It was 4:30 p.m. Friday when an Antitrust Division lawyer called from the courthouse, a hot-off-the-presses copy of the Microsoft decision in his hands. "What does it say?" asked an eager Joel Klein, head of the division, who was waiting in his conference room with the government's trial team. "I'm on page 16," replied the lawyer who was speed-reading his way through, "and it says they're a monopolist!" "Great!" said Klein. "Keep reading!"
If you're scoring at home, you can write Microsoft Corp. next to Standard Oil and AT&T on your list of the 20th century's great monopolies. When the Justice Department squared off against Bill Gates & Co. in a Washington courtroom, it was no secret that things went badly for Bill. But even so, the findings of fact that Judge Thomas Penfield Jackson handed down were stunning in their breadth and their certainty: a blunt 412-paragraph j'accuse that nails Microsoft not only on the two most critical issues--that it has monopoly control over PC operating systems and that it wields that power in ways that harm American consumers--but on virtually every count brought against it.
It's actually hard to imagine how, for Microsoft, it could have come out any worse. The ruling carefully lays out the factual basis for the major antitrust violations that seem certain to follow. And it paints an exceedingly dark portrait of one of America's most admired companies. The Microsoft of Judge Jackson's narrative is a deep-pocketed bully that uses "its prodigious market power and immense profits to harm" companies that presume to compete with it. And it presents Gates as a law-flouting monopolist who makes a "threat" to one rival considering getting into the software market and "berate[s]" and then "retaliates" against an executive from another company who dares to criticize Windows.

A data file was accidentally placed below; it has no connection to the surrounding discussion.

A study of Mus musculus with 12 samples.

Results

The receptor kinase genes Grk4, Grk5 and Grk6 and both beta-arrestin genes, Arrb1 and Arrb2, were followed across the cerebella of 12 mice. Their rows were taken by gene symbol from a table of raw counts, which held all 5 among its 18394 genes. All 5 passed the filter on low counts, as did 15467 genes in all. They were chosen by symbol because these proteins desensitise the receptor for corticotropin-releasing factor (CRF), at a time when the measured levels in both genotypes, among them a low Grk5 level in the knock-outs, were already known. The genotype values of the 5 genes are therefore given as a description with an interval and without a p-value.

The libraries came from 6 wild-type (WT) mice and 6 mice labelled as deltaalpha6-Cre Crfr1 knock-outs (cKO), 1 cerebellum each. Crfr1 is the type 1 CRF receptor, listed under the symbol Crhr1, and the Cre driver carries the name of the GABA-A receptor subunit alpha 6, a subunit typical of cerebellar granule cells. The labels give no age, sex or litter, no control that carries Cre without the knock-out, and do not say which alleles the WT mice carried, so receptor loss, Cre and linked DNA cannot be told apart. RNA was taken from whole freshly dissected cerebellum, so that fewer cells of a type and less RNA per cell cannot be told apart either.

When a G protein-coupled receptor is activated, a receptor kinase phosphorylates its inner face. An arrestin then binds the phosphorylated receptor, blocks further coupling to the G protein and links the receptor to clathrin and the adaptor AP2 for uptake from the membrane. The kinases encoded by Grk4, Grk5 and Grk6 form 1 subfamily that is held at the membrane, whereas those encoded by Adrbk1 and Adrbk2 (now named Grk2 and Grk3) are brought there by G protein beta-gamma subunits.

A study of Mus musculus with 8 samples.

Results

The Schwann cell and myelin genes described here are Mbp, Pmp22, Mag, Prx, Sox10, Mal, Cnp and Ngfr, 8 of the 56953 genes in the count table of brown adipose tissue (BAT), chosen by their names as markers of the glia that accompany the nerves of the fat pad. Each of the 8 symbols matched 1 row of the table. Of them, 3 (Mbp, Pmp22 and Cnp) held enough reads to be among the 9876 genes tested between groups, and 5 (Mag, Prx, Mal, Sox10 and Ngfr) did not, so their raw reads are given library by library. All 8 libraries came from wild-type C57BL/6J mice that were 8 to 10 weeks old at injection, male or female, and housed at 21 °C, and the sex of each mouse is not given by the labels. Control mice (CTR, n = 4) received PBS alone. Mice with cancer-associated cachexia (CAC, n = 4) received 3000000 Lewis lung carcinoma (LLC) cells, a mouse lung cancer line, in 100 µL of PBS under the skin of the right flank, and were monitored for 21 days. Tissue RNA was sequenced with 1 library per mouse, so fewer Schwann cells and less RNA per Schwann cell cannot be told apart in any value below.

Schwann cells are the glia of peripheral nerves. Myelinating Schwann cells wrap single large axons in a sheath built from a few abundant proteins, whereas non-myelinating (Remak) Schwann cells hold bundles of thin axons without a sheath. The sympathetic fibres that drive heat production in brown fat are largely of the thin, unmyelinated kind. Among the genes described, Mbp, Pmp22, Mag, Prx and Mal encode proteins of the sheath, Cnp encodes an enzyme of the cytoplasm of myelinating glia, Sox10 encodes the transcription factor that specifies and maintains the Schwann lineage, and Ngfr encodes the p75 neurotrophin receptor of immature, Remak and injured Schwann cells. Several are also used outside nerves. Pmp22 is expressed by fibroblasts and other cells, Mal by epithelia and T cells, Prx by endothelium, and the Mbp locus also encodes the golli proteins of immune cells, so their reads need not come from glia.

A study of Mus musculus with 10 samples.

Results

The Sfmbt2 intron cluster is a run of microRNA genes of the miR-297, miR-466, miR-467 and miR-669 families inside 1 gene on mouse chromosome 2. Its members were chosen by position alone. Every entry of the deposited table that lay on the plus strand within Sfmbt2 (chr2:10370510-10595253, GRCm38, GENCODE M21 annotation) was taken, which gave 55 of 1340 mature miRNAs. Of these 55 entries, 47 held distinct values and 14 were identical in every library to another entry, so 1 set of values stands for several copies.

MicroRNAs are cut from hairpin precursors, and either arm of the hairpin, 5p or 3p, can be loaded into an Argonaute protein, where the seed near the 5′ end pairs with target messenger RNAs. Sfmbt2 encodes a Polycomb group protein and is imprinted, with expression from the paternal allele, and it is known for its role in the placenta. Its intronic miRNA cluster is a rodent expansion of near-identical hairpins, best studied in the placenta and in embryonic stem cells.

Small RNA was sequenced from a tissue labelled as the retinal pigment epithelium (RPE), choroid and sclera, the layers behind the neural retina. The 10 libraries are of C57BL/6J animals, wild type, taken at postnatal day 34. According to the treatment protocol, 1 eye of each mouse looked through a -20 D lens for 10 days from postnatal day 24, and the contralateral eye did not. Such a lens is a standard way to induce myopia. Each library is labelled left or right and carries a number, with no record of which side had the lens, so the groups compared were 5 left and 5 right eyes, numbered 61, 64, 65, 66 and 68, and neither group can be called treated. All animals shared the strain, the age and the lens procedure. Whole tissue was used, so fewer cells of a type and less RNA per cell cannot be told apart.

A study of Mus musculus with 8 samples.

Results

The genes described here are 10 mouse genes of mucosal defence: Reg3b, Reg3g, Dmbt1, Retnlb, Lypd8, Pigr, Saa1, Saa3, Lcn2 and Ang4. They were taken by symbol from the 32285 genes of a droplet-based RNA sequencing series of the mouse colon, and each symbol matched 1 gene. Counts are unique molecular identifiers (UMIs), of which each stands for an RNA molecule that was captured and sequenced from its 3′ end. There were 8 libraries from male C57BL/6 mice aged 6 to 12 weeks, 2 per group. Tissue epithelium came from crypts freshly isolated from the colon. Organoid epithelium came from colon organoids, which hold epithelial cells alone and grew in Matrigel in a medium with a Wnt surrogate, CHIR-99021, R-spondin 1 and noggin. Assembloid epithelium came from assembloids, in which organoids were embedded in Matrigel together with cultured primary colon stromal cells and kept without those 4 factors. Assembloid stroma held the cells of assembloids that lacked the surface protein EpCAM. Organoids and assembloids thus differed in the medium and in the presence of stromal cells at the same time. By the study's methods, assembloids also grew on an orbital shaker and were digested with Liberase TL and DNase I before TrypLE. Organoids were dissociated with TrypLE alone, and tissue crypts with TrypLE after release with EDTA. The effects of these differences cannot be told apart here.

As the sweep of Judge Jackson's ruling became clear, the anti-Microsoft camp had trouble containing its glee. James Barksdale, the folksy former Netscape CEO who testified at the trial that Microsoft tried to suffocate his company, hailed the findings of fact as "an 11 on a 10-point scale." Michael Morris, general counsel for Sun Microsystems, crowed that "Microsoft is in deep, deep trouble, and they know it." Klein, flanked by Attorney General Janet Reno at a celebratory press conference, declared that it "shows once again that in America, no person and no company is above the law.
Microsoft, for its part, deployed legions of spinners to argue that Jackson had it all wrong. The company had broken no laws and done no harm to consumers. The judge failed to appreciate the dynamic nature of the software business, which makes any dominant position inherently short-lived. The only lapse in Microsoft's genetic self-assurance was a video press release the company rushed on the air immediately after the ruling came down. "We hope we can find a way," Gates declared, "to resolve this and put it behind us." For a moment, he seemed to be waving the white flag of settlement.